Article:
Review: Shivered (Mad March Hare Theatre Company)

madmarchVenue: PACT Theatre (Erskineville NSW), May 7 – 30, 2015
Playwright: Philip Ridley
Director: Claudia Barrie
Cast: Josh Anderson, Joseph Del Re, Rhonda Doyl, Libby Fleming, Andrew Johnston, Brendan Miles, Liam Nunan

Theatre review
Illusory contours “are perceived where there is no physical luminance, colour or texture difference,” referring to our ability to see things that are not actually there. In the case of Philip Ridley’s Shivered, we form narratives and create meanings from a series of scenes that do not immediately relate to each other, almost as though in a state of delusion. Our human nature is explored not only in the stories being told, but also in the way the audience is encouraged to makes sense of all that is put on stage. Looking at our propensity to interpret events in a way that never strays far from “cause and effect”, it is an examination of logic, which the play suggests is sometimes insufficient, and indeed, futile. Ridley’s work deals with many of the worst things in life, and makes us wonder if we can ever think of our darkest moments as inevitable, and the ethical implications of being embroiled in disappointments and disasters that we do not have direct control over.

These are big philosophical considerations, but individual scenes are melodramatic, almost operatic, in nature. Director Claudia Barrie invests heavily into that duality of intellect and emotion, with a fierce dedication to her stagecraft, and her work here is effective on both those levels. We get caught up in intense family drama not unlike those favoured by tabloid journalism, but the work is unrelenting in placing us at a conceptual distance so that we are always analysing the catastrophic consequences from an abstract perspective, in addition to experiencing the anguish that is being performed. The text is an edgy one, and Barrie takes great care in having Ridley’s words articulated with excellent clarity, but with all the taboo subjects involved, the production often feels tame in its expression when compared to the controversies being discussed.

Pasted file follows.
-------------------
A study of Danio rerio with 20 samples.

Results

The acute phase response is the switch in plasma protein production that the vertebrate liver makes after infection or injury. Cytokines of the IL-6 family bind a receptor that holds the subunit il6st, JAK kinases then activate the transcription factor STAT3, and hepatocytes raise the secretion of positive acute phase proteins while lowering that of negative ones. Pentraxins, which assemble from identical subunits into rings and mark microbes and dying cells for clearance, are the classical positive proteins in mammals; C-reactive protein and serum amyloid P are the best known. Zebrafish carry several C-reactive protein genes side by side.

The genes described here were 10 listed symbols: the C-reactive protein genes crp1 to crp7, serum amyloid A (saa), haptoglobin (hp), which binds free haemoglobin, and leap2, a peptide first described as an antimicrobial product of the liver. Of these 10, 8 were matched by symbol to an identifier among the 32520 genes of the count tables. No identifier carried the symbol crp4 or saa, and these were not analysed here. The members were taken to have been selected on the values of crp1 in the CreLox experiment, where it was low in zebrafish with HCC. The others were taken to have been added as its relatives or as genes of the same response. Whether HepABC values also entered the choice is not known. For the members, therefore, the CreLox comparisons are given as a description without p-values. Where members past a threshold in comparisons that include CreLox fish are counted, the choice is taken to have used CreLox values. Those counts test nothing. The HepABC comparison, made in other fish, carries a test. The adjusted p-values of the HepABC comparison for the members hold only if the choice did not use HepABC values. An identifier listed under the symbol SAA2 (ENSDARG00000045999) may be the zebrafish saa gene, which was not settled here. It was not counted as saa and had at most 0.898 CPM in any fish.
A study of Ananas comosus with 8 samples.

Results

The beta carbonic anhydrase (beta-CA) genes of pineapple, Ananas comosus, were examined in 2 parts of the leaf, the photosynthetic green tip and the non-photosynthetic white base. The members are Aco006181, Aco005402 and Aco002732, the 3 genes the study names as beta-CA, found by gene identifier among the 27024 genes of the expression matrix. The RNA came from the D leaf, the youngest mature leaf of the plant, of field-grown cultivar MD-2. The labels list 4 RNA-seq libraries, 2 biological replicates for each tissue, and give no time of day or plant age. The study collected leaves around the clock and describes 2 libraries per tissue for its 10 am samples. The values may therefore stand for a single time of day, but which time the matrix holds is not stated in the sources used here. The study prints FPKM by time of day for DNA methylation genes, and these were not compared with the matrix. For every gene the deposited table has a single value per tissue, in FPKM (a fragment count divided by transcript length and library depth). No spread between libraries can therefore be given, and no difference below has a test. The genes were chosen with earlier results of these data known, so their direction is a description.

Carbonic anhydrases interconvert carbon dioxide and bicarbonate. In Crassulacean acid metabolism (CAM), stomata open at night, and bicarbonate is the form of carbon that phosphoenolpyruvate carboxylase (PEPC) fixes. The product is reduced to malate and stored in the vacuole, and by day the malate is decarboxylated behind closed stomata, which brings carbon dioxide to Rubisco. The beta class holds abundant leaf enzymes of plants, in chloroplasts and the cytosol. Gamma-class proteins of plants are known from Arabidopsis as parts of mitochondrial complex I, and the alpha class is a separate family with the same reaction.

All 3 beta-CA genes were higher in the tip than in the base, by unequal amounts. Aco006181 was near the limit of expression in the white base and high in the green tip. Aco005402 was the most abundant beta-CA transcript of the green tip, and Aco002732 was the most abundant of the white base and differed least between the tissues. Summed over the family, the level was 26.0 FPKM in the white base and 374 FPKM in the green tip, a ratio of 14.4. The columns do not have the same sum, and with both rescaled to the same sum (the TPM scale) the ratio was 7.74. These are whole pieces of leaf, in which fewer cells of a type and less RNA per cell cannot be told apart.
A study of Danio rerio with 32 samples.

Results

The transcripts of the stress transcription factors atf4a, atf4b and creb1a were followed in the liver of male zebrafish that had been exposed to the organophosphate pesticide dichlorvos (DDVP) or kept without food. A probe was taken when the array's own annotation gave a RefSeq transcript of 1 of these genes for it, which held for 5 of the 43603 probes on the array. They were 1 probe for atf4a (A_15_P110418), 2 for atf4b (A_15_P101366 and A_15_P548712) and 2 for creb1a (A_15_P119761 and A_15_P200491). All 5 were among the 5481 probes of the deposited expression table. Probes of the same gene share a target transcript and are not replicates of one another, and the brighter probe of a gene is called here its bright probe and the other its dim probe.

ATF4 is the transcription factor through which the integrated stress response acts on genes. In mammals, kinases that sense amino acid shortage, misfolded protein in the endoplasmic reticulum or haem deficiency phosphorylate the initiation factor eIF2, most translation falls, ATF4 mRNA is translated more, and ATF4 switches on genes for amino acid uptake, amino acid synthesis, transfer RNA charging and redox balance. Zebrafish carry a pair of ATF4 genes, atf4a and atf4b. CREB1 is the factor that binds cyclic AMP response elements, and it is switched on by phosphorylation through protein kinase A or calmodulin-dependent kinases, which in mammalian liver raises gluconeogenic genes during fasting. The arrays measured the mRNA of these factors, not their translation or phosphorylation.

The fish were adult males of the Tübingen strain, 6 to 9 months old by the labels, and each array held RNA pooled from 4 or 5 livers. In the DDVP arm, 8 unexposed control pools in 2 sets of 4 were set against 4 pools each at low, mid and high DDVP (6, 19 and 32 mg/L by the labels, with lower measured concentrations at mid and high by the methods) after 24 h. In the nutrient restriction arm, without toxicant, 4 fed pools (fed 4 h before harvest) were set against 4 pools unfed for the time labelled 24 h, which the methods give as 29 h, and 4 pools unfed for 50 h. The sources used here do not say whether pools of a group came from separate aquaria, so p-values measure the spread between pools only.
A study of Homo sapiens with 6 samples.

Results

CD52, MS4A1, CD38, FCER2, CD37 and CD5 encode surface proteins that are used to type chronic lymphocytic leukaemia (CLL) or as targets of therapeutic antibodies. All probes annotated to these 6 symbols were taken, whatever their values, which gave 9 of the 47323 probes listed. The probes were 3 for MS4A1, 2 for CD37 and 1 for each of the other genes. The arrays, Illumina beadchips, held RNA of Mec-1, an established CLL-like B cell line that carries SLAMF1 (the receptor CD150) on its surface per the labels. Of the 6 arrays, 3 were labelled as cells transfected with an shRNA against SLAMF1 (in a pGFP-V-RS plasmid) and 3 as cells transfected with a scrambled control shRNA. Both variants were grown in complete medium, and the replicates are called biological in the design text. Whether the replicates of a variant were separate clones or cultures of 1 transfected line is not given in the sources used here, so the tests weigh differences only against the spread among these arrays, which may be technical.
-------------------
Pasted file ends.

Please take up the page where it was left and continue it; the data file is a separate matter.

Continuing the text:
Light and set design by Benjamin Brockman delivers a sophisticated space that is able to portray abstraction or realism as required, sometimes simultaneously. It accommodates the haphazard timeline of the plot beautifully, and the starkness of his aesthetic matches the brutality of Ridley’s writing very well, but at over two hours, scene transitions become repetitive and predictable later in the piece. The economy of technology Brockman experiments with, though slightly restrictive, is a success story that signals a significant evolution in lighting for Sydney stages.

The cast is detailed and powerful. Every character in the show touches us, despite the outrageous contexts we find them in. Libby Fleming alternates between quite campy humour and palpable rawness, for an enthralling performance that is as fascinating as it is moving. Her impressive ability to portray depths of despair provides a solid core of empathy that keep us anxiously attentive. The connection Fleming establishes with her sons in the play is the crucial ingredient that secures the gravity for its various threads of turmoil. Also wonderfully engaging is Liam Nunan whose presentational style effervesces with extravagance, but with a surprisingly convincing focus that keeps us engaged. Josh Anderson plays the damaged young Ryan with quiet sensitivity, but the threatening intensity he produces teeters close to eruption, and we are fascinated by the complexity he consistently works into his role.

There are horrors around us, and they are by nature absurd, for if they were fathomable, they would also be preventable. Humanity necessitates that we make sense of things, but life often insists on defying logic to demonstrate its dominance over humans. Life is hard, but we are resilient. All the characters in Shivered struggle, and their persistence with survival means that in order to overcome, they have to figure things out, whether possible or not. No one in the play gives up, and that is the moral of the story.